Ooloo, which has been spun off from online backup service IDrive, will have staff on hand 24/7 to answer your questions. I’m curious how that cost structure will work for the fledgling app, but the startup will benefit from being supported by a company that’s already generating revenue.
Sample queries provided by Ooloo include asking about authentic local restaurants in a new city, simple word translation requests, and the fastest route to the airport. It’s a lot like having a really patient friend on the other line who’s willing to Google stuff for you.
The first question I asked Ooloo was about plane ticket pricing. I got an answer quickly, but it was a follow-up question that I had no way to reply to, so I just resubmitted my question with more information. The same helper sent back a reply with some prices and a link to Google flight search a couple minutes later.
Ooloo’s answers aren’t much better than anything you could find on your own, but they do save you some time. The human element is a nice touch, too. I sent several questions in a row to test the app and got answers from the same assistant. When I asked about how to teach a toddler how to use a spoon, the reply included, “Yikes! Good luck with that one.”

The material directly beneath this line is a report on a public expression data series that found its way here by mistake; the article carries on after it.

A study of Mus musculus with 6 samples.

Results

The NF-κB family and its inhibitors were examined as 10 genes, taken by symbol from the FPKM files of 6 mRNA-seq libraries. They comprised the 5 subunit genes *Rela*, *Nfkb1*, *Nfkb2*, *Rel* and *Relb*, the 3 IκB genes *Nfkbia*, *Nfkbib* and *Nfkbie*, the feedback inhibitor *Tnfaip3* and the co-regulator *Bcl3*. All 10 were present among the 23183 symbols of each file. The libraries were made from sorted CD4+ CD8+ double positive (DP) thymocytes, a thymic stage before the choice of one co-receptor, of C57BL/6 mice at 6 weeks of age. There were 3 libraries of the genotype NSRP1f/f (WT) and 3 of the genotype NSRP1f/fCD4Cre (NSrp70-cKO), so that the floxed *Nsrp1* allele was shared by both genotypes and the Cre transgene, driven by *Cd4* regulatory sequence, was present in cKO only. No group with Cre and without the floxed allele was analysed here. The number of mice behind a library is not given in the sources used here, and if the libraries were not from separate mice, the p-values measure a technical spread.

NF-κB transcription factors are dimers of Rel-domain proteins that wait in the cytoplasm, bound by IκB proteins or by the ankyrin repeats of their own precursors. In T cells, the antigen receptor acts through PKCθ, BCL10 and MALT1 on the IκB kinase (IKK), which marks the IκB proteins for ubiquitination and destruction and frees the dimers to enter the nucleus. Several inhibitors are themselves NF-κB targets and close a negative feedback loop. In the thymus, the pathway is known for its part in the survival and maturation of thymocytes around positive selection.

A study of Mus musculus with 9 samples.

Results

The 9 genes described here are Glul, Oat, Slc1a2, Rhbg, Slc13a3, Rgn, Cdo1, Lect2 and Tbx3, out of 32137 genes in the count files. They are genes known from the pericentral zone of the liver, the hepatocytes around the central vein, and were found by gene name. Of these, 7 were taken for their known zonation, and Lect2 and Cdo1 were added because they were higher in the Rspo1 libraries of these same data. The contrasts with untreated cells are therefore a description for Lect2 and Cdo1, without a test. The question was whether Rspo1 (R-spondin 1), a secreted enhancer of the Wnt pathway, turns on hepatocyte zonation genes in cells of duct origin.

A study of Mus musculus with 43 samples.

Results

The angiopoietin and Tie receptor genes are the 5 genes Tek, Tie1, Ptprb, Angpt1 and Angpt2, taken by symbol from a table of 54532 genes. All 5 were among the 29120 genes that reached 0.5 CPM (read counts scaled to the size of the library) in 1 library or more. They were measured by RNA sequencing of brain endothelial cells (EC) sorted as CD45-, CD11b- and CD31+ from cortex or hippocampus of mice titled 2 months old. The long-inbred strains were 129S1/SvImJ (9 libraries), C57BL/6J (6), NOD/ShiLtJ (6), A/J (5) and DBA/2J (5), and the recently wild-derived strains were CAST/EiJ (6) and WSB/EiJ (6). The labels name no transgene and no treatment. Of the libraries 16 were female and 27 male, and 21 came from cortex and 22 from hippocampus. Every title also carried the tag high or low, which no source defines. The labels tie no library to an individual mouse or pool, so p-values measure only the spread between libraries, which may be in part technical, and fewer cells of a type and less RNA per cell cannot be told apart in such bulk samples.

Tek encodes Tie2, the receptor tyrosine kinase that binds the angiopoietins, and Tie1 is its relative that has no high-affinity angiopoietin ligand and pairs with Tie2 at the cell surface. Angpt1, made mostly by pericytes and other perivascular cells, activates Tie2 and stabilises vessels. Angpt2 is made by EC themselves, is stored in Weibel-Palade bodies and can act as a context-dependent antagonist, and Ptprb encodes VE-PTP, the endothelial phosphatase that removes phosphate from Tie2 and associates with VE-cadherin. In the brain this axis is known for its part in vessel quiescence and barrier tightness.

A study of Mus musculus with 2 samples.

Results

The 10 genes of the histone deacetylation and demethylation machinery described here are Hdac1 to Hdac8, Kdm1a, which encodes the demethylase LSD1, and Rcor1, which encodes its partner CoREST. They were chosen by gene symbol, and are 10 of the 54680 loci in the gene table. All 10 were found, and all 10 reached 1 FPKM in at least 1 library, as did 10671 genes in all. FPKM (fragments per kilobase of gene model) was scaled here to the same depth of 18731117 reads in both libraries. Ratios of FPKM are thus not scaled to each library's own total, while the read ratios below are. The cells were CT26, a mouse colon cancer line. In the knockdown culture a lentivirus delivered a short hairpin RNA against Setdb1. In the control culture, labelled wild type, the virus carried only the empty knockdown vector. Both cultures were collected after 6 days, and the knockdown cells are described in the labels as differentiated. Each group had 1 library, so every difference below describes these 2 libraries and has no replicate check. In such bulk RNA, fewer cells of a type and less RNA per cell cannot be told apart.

Knowing that a human was answering my questions also made me think twice before asking silly or inane questions. That’s not necessarily a drawback, but it complicates the interaction. I found myself wanting to say thanks after asking my questions.
I can see myself using Ooloo to rattle off questions when I’m driving or for help finding local businesses when I’m out. It would also come in handy to answer the kind of factual disputes I have with friends that usually result in one of us turning to Wikipedia or IMDB.
I’m not opposed to a free app that puts someone at my beck-and-call, but I’m confused as to how this will scale. Adding the human element, actually takes a step backward from the artificial intelligence systems that tech companies have been trying to build. If it gains traction, OOLOO will have to hire like mad to have enough helpers to answer all the questions. There’s no clear business model at the moment, though an OOLOO rep did says that the new company has “different plans in mind” when it’s ready to move beyond user acquisition.